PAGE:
To me, social tango is a metaphor for relationships. Although there is a structure to individual steps, their combination is improvised on the spot so it’s all spontaneous. You just have to go with the flow of the music and with the space that’s available to you on the dance floor. There are other couples on the dance floor that you have to be aware of so you don’t bump into them. You don’t operate in isolation. You can’t plan the dance far in advance because you just don’t know what music will be playing and who you will be dancing with.
Sometimes the man has a certain fixed idea in his head of how things should be and tries to force the dance into that idea, ignoring the music or where I am in space in relation to him. He’ll want to complete a certain step in his own time, ignoring that the woman is still trying to complete the movement he just led so he will not wait and rush her, causing her to compromise her movement and her enjoyment of the dance. It’s like a couple communicating in real life. One has to finish speaking before the other can respond, and vice versa. A monologue will only take you so far. You can’t boss the other person around, drown them with your preferences as a man. If you see they can’t keep up with you or have a different interpretation of the song, want to speed up or take it slowly, you adapt. Even if you’re the man, you listen and you adapt because it really does take two to tango. And once you make a decision in terms of where you’ll go, you have to stick to it. You can’t change your mind halfway through the movement, because she won’t know where to go and will collide into you.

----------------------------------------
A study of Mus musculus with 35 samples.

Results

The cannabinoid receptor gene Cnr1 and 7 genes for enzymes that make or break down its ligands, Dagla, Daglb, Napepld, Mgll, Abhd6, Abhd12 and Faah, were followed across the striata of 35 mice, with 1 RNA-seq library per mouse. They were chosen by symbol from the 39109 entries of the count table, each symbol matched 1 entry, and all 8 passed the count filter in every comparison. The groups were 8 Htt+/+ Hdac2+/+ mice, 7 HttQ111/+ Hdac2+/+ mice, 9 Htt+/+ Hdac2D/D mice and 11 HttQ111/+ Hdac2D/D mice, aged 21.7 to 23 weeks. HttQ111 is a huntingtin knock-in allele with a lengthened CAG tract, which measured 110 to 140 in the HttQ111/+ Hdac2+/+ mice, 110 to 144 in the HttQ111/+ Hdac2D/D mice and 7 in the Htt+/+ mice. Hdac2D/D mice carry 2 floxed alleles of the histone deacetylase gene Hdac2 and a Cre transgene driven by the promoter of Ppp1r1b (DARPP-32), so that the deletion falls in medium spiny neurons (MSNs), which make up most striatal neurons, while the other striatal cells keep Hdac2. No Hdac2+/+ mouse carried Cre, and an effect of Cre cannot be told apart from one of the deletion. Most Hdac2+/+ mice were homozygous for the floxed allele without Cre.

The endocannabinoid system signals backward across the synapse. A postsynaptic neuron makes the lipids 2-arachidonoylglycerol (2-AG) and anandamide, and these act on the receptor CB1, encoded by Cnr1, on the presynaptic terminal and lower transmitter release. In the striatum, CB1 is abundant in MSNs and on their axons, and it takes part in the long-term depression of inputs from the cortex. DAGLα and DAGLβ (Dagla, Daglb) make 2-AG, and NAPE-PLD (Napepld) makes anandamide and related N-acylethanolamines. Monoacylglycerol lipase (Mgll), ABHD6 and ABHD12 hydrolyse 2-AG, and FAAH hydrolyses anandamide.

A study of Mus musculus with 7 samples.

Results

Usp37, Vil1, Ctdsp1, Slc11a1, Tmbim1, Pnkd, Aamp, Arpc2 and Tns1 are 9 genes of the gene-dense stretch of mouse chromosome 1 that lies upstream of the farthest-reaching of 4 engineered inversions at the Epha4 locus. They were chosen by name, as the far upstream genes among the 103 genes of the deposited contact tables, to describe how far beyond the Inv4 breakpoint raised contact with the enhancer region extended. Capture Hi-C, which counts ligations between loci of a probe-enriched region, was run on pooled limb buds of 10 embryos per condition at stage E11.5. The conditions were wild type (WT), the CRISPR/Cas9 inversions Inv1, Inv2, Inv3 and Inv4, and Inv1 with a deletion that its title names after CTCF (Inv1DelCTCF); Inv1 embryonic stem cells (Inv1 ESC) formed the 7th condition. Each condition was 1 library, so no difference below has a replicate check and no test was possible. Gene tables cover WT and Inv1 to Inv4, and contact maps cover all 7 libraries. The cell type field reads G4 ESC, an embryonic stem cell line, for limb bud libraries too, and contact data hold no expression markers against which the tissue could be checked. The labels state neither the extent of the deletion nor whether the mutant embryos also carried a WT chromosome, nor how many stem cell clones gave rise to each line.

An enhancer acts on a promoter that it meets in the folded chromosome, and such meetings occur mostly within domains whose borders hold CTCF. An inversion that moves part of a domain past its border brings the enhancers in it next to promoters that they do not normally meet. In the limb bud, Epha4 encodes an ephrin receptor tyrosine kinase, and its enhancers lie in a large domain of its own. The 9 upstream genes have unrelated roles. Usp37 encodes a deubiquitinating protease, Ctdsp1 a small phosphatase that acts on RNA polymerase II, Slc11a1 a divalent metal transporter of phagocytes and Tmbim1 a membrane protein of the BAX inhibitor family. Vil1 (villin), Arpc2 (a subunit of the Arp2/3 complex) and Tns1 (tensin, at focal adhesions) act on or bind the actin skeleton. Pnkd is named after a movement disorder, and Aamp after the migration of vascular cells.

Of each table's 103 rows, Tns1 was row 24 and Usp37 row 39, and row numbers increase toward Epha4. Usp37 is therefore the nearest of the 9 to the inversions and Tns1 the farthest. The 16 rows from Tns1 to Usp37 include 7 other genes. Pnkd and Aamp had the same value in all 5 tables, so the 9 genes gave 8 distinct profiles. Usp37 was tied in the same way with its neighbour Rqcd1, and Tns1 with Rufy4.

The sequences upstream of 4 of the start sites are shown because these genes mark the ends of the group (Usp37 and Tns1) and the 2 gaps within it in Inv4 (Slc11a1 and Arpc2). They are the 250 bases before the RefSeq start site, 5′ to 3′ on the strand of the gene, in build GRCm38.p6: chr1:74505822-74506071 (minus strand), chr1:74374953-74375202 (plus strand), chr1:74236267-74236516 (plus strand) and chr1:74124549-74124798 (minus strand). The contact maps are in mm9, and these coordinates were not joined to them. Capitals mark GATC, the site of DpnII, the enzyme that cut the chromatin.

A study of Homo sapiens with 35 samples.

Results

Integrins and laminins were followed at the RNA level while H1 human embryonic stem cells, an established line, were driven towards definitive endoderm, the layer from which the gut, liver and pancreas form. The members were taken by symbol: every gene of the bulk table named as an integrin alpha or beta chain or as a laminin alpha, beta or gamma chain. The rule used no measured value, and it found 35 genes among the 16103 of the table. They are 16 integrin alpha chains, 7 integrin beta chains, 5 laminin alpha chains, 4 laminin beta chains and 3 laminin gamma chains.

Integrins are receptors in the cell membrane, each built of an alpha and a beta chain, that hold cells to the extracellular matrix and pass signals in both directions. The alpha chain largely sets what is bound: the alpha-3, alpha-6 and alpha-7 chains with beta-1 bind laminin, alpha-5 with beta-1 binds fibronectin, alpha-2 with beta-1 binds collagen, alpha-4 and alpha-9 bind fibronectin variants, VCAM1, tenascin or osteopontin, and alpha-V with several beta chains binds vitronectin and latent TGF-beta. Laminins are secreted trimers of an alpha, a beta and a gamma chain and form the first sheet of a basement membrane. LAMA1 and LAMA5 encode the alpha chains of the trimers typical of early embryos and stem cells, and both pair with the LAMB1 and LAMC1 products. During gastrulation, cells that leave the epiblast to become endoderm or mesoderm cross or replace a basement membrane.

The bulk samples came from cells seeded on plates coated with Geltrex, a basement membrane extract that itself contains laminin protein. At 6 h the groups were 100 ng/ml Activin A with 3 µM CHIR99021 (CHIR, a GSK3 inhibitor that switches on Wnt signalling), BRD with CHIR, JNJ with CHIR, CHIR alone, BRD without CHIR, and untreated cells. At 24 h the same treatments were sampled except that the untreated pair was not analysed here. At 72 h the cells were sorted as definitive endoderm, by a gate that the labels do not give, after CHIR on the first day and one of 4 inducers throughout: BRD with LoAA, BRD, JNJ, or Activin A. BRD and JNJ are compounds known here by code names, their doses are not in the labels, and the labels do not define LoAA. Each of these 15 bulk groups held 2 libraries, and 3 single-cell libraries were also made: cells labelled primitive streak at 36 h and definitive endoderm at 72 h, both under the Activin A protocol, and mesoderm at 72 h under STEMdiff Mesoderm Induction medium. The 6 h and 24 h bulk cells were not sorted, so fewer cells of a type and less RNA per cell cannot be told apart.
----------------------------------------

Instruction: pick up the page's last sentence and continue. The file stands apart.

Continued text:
Sometimes, the woman can be stubborn and not listen to the man. She can be resistant to his lead and not trust his judgement. Some leaders aren’t very experienced and have poor spatial awareness, leading to bumping into other couples, or worse, injuries on the dance floor, for example, if they lead a high boleo in a tight space. If you know that as a woman, you have two options: refuse the dance, or try to make the best of it while you’re dancing. But you once you’re on the dance floor, it’s too late to complain and undermine the man. If there is ‘conflict’ between what he’s trying to do and what you’re trying to do, you adjust and try to find common ground, until the tanda is over. You have to listen well in order to respond well. Just like in real life, you wouldn’t talk over them, in tango you wait until they’ve given you a clear lead and once you fully get the movement, you respond. If you try to guess, you might end up with something completely different from what they intended and spoil the dance.
In a relationship, you can try and please the other person 100% of the time thinking that that’s what’s going to make the relationship successful but in reality you’ll end up not only with your needs unmet, but also resenting the other person for not appreciating all your sacrifice and your compromise. In tango, it’s kind of the same thing. You are fundamentally dancing for yourself so you can derive pleasure out of it. A partner may want you to do certain steps or embrace in a certain way that suits them, but throughout the dance you’ll be entirely preoccupied with whether you are giving them what they want, and thus ‘thinking’, which is going to kill freedom of expression, creativity and emotion. Worrying about whether you’re good enough for your partner is the last thing you want to do when dancing, and if they make you feel insecure then they’re not right for you. The best partner will try and make you feel like you’re the only person in the room, and the most beautiful dancer ever, regardless of your level. They won’t try to force you into becoming who you’re not, by forcing you into a particular kind of embrace or step that your body shows difficulty in adapting to. They will simply try to make the best of the dance with you, regardless of your style.
The more I think about it, the more convinced I am that what makes a good dance is similar to what makes a good relationship in real life.